Self-analysis is the athlete's best friend… and complacence is the worst enemy! The strength athlete who is continually self-analyzing and working to modify his or her existing training protocol is the one who will make the most long-term gains as a result. Complacency is your worst enemy. You should always be looking at the way you train to find small adjustments you can make to see better results from your efforts. Let's look at once such training area where small changes can make a very big difference - the angles you use for your arms during the most common triceps exercises.
Don't go too narrow on close-grip bench press
This is a terrific movement for building up triceps mass. Standard bench press targets the pectorals. Move in the hands, and suddenly you're hitting the triceps. The key to success, however, is not to move the hands so close that they are in danger of touching. Keep the hands about ten inches apart. If they're close than that, your wrists are doing more of the work than your triceps. This minimizes your muscle gain potential, and places your wrists at great risk of injury!
Elbows locked during kickbacks
Triceps kickbacks are essentially the same movement for your triceps, as leg extensions are for your quadriceps. Would you ever let your knees wildly flail during a set of leg extensions? Of course not! However, many lifters let their elbows drift upward, downward, and outward, letting this locked single-joint movement turn into a shoulder exercise, placing your RC and AC joints at risk while leaving your triceps undertrained. Don't waist your time in the weight room doing your kickbacks the wrong way!
Avoid elbow flare during overhead dumbbell extensions
Without a doubt, overhead DB extensions are one of the best ways to build up pure, unadulterated triceps mass. That is, until they are transformed from a locked triceps movement into a wile, flailing shoulder exercise in futility. If you cannot keep your triceps locked and elbows stationary during this movement, then it's time to drop the amount of weight you're using.
Don't lock elbows on Machine Dips
You'd think machine dips are one movement where it's not even possible to do things wrong. Not so fast! It may feel natural and reassuring to lock out the triceps during seated triceps machine dips. However, this is not advisable. Anytime you lock out on this movements, your bones and tendons pick up the brunt of the work, letting your triceps right off the hook. This defeats the purpose of this exercise! You're trying to isolate the triceps, and keep them under continuous tension. In order to do this, you must never lock out all of the way on your machine dips. Complete your 8 or 10 or 12 repetitions without ever locking on either end of the movement, and your triceps will experience 30 to 45 seconds of pure muscle building stimulation!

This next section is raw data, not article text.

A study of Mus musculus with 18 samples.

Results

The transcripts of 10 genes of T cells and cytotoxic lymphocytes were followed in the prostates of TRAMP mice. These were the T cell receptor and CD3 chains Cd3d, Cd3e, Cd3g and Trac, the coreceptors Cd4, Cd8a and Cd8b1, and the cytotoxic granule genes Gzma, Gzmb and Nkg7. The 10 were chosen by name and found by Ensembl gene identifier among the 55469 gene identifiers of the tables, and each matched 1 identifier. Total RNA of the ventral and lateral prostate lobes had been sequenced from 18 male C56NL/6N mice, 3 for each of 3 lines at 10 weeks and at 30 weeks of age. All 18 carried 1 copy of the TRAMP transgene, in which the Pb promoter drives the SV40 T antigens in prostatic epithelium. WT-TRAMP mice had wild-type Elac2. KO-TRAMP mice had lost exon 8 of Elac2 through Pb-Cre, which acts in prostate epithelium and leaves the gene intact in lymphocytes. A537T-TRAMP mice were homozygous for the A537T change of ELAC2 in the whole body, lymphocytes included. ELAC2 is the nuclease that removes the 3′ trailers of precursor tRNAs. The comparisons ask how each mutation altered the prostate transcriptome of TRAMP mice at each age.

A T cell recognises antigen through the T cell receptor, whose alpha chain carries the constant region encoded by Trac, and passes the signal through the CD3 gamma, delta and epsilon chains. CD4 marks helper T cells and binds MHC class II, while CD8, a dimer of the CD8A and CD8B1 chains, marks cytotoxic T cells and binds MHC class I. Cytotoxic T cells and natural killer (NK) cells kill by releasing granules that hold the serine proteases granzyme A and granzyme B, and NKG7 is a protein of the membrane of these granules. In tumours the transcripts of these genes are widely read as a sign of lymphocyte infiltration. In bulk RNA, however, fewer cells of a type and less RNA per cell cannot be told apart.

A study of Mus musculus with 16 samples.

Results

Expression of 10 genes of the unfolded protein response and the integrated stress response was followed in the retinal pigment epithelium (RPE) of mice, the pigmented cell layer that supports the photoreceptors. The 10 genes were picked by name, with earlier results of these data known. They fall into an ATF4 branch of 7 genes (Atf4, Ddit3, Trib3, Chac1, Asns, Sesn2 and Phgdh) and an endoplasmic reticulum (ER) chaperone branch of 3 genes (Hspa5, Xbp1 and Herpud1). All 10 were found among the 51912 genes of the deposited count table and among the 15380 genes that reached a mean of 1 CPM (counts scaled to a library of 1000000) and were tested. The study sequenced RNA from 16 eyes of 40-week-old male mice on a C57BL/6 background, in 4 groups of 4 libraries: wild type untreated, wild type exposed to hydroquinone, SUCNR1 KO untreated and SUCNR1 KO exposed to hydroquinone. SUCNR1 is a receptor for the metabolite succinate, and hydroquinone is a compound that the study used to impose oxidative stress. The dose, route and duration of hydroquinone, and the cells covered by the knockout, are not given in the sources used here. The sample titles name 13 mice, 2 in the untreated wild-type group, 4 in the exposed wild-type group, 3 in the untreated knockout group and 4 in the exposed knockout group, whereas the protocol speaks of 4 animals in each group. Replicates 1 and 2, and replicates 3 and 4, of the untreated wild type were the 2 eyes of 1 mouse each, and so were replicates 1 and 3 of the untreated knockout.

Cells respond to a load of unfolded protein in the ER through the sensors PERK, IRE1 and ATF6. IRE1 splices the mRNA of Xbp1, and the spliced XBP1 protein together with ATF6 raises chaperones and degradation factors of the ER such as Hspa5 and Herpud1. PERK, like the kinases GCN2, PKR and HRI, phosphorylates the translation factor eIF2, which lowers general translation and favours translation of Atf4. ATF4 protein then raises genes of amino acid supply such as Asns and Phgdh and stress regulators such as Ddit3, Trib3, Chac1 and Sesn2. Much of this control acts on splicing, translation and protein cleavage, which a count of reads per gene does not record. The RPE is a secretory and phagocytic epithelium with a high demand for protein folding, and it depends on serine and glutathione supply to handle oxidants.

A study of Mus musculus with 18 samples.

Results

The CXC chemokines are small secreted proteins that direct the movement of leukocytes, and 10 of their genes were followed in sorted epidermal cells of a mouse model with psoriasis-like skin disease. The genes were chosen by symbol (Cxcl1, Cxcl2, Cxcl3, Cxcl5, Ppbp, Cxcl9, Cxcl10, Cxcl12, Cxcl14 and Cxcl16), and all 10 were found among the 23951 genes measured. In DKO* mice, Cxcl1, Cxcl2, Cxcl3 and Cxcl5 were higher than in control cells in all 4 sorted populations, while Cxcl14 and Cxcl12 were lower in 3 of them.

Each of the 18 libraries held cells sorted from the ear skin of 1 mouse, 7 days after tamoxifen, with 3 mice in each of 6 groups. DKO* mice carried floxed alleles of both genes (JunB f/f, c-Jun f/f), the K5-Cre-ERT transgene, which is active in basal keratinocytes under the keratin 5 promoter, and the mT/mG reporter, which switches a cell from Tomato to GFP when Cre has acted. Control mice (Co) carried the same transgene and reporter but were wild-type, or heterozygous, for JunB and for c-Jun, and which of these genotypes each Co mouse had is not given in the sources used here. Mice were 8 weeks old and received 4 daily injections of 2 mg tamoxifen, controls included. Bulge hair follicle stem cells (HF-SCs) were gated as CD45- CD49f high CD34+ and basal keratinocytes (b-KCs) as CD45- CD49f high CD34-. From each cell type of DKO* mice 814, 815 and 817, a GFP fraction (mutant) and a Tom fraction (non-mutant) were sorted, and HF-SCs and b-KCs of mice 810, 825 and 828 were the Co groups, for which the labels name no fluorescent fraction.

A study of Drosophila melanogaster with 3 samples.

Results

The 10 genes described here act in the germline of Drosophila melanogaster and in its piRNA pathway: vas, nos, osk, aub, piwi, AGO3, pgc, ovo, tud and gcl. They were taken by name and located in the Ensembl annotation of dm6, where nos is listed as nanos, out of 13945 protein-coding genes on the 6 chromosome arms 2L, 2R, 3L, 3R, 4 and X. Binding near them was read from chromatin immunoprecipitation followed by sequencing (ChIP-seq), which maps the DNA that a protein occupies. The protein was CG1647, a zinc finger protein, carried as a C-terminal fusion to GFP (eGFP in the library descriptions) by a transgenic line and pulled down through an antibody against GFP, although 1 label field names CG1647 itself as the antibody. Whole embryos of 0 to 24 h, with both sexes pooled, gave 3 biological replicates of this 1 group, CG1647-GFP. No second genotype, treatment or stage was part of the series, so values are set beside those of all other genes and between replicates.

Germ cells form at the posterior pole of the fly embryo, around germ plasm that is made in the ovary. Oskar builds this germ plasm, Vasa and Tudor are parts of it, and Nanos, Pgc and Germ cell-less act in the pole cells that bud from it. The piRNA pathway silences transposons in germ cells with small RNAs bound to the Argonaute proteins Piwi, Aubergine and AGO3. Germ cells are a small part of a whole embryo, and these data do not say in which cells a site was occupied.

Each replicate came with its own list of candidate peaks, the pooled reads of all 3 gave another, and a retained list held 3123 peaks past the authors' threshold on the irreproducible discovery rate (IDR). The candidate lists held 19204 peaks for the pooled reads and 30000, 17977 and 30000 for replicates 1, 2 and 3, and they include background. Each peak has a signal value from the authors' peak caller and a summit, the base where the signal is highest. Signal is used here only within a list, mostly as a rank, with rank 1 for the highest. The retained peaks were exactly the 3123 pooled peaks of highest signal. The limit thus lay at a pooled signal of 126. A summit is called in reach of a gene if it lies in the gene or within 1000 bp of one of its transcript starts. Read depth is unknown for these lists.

Use perfect form on skull crushers
Without a doubt, lying french presses (known as EZ bar skullcrushers) are one of the most intimidating movements you'll encounter in the gym. They're also one of the most effective. The vast majority of top bodybuilders use these movements on a regular basis. It's an excellent lift for isolation of the triceps while keeping a pro level of tension and intensity placed upon the triceps. Use them, and use them often. Just be sure not to let the elbow drift or the bar to change positions vertically as you train. This lets your chest, shoulders and back get in on the action, and pulls emphasis away from your triceps, the point of the entire workout!
Even if you're not interested in seeing greater results, you should be focused upon the safety of your training. The angles you use in training are specifically designed to keep the joints and tendons safe and free from injury. If you're bending and twisting to move more weight or to make the exercise easier for you, then you're likely moving the emphasis of the movement away from your muscles, and only the joints and tendons of your body. Keep the reps perfect, and the muscles will be doing the work. You'll minimize the chance of incurring injury as a result.
Remember that in this high-tech world, there are plenty of tools at your disposal to make your training smarter and better. Your cell phone camera is perhaps the best tool available when analyzing your triceps training angles and positions. Place the camera on the floor or the bench, and make a video of you completing your workout from several angles. Then analyze that video. If there's a lot of poor angles, then you will quickly realize that you're squandering 10 to 20% of your potential gains by not completing these reps in a picture perfect form. Adjust your angles, then record more video until you get it right. Basketball players record their jump shot practices. Quarterbacks record their throwing motions and analyze it. Why wouldn't any serious strength athlete be open to recording his or her training practice in order to analyze and make the proper adjustments?
Being self critical regarding your own training… it's not always an easy thing to do! However, being able to put your ego in the closet and focusing upon training better all the time is what the great ones do - and so should you. Take a step back from the training in which you're immersed and find a few changes to position and angle that can make you a better, safer, and more productive lifter!